Asha & The Spirit Bird is a culture-rich delight. Inspired by her own childhood memories, award-winning author Jasbinder Bilan is proof that you should write what makes your heart sing.


‘Family is the most important thing in the whole world.’

For young Asha growing up in the foothills of the Himalayas, her twin siblings, Ma and Papa mean everything to her. But the precious family farm that has been handed down to them through generations is in jeopardy. Unable to survive solely off the land, Papa travels to distant city Zandapur to find work and send money home. But four months on from his last contribution, Asha and her Ma have not heard from him since.

Forced to borrow money, Ma’s only option involves selling their farm to pay the unsympathetic creditors. They have until Divali nightfall, Asha’s twelfth birthday, just seven weeks away. Under a grumbling sky, Asha knows she must take matters into her own hands. She must trek the black jagged mountains to find her father and reunite their family before they lose their home forever.

“We made a pact to always help each other.”

Accompanied by her long-time friend Jeevan, the two embark upon an unforgettable journey that will challenge them physically and emotionally. From avoiding ticket inspectors on public transport to encountering wild prowling forest beasts, Asha and Jeevan are truly tested. At times even their friendship seems at stake. Will they still be the best of friends when they reach Zandapur? Will they even make it to Zandapur? And, if they do, will they track down Papa and return home in time to celebrate Divali and save their home?

“This baby will see things that others can’t.”

Jeevan is not the only protection Asha is grateful for. Upon her arrival into the world, her grandmother exclaimed that mountain-green eyed Asha would “see things that others can’t.” Wearing the teardrop pendant that belonged to her grandmother, Asha begins to feel the thrum of her ancestors through the jewel. Holy teachings show she will return as an animal but is she imagining that her departed grandmother, nanijee, is nearby?

With her spiritual senses awakening she learns that her nanijee is now with her in spirit form. A lamagaia bird who circles regularly overhead, protection and guidance at its strongest. Asha & the Spirit Bird navigate the treacherous mountain path with Jeevan, stopping at the Holy Ganges to offer up sacrifices and prayers. But although Asha’s ancestors believe she has it within her to use her powers for good, does Asha? Does she have the resilience, the strength to see this quest through?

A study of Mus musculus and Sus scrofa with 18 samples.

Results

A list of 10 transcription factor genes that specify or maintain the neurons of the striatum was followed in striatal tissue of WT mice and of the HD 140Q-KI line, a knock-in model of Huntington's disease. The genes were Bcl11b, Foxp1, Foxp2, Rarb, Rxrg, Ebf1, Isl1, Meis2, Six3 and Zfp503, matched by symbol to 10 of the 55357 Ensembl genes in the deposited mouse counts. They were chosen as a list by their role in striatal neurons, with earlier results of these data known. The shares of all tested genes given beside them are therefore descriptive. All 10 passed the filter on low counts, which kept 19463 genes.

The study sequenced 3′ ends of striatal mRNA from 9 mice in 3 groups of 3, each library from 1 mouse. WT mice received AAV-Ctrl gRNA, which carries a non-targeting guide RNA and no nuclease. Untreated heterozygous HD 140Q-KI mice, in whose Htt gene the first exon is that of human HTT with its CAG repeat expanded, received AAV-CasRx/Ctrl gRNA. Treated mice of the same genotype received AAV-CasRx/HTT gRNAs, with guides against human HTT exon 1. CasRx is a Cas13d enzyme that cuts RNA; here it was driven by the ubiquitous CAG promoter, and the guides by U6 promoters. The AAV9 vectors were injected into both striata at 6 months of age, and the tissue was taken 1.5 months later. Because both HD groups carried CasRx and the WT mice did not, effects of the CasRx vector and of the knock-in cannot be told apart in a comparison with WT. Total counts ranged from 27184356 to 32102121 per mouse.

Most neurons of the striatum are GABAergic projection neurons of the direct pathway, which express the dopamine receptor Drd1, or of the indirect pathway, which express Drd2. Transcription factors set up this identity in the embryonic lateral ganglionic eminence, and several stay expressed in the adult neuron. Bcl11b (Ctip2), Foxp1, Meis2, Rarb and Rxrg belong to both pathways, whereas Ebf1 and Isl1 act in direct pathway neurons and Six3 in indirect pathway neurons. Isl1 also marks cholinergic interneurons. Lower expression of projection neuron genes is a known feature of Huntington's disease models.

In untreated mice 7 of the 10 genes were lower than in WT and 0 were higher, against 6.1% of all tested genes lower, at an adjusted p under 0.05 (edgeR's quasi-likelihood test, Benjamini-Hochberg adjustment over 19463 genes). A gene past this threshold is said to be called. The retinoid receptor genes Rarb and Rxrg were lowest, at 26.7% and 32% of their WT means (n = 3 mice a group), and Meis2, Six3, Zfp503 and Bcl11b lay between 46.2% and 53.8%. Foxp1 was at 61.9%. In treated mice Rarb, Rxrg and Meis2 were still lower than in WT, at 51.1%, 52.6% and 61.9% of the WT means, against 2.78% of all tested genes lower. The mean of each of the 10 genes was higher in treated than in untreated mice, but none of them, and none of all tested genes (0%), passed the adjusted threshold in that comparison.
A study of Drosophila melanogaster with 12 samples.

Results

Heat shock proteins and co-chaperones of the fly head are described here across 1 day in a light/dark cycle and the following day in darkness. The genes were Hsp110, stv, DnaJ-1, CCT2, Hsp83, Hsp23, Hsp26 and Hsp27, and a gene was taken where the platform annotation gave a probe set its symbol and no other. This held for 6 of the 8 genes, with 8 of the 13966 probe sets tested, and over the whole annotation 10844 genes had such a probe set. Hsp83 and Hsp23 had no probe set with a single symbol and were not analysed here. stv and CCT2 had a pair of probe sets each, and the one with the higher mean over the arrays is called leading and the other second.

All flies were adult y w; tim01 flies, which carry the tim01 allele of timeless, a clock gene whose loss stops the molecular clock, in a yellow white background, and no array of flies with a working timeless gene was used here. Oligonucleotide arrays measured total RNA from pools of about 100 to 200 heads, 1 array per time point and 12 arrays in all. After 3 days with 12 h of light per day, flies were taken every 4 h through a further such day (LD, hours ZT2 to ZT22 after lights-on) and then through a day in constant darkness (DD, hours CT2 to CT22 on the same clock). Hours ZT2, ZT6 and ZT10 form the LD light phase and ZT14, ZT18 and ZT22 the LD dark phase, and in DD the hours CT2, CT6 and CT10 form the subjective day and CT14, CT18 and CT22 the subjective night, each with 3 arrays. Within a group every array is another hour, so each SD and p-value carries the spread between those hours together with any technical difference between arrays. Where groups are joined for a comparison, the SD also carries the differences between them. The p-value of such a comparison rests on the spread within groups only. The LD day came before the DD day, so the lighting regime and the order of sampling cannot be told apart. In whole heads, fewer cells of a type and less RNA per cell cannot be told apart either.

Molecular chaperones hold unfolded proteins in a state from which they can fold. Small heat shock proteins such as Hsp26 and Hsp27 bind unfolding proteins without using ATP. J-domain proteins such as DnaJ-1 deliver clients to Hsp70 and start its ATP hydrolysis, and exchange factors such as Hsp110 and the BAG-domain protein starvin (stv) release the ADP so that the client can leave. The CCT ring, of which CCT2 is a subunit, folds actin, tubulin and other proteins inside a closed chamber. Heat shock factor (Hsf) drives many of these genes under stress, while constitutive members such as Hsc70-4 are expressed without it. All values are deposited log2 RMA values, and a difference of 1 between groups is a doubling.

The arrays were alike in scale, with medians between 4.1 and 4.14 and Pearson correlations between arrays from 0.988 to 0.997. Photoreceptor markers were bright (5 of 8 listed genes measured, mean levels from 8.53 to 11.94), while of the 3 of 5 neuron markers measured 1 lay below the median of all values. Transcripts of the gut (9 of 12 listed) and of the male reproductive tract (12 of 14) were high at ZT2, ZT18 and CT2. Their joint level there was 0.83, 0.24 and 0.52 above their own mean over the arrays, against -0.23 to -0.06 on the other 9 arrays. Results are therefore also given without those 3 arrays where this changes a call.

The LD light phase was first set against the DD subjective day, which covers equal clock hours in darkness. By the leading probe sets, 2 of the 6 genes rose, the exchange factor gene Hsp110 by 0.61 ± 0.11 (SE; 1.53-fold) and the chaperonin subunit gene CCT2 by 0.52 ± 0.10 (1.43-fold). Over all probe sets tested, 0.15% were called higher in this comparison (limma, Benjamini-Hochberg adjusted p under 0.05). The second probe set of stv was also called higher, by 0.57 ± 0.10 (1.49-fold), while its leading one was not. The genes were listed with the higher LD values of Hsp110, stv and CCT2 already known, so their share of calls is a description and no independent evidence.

‘I watch until my village gradually becomes a tiny distant hill, embroidered with everything I’ve ever known and loved.’

Asha & the Spirit Bird is a delight to the senses, the very essence of India woven into each sentence. Sights, sounds and smells are everywhere. Fragrant jasmine oil, incense sticks and golden fried foods. A ‘smoky-grey dawn’ and ‘orange-coloured tiles sparkling like a rising sun’. Nature is abundant too: steamy bodied farm shed cows, monochrome birds nibbling nuts from Asha’s palm and a bloody-mouthed tiger, eager for its next feast. Snapping forest twigs and howling wolves all add to the ambience. And what children’s story is complete without food? Coconut juice, fresh mango, hot potato dhosay and crunchy pakoras make our mouths water. Jasbinder draws us into her world and bids us take a seat, we are welcome.

As real as it is magical, Asha & the Spirit Bird is gorgeous storytelling, fusing modern day with ancestral traditions. Inside its beautifully packaged cover, author Jasbinder Bilan does not shy away from casting a nod to hard-hitting topics such as child labour and violence. Yet each page pulsates a rhythm of hope. Asha’s story is a journey of discovery: we all have the power within us to do good – we just need to find and honour it.

The Times Chicken House Children’s Fiction Competition Winner in 2017 Jasbinder was matched with editor Kesia Lupo at Chicken House Books. Recently crowned the Costa Children’s Book of the Year Award, Jasbinder also shares a nomination for the 2020 Branford Boase Award with Kesia, honouring authors and their editor. We wish them both the best of luck with this award. To learn more about an editor’s role, watch our interview with Kesia Lupo, a YA fantasy author in her own right, where plenty of editing tips are on offer.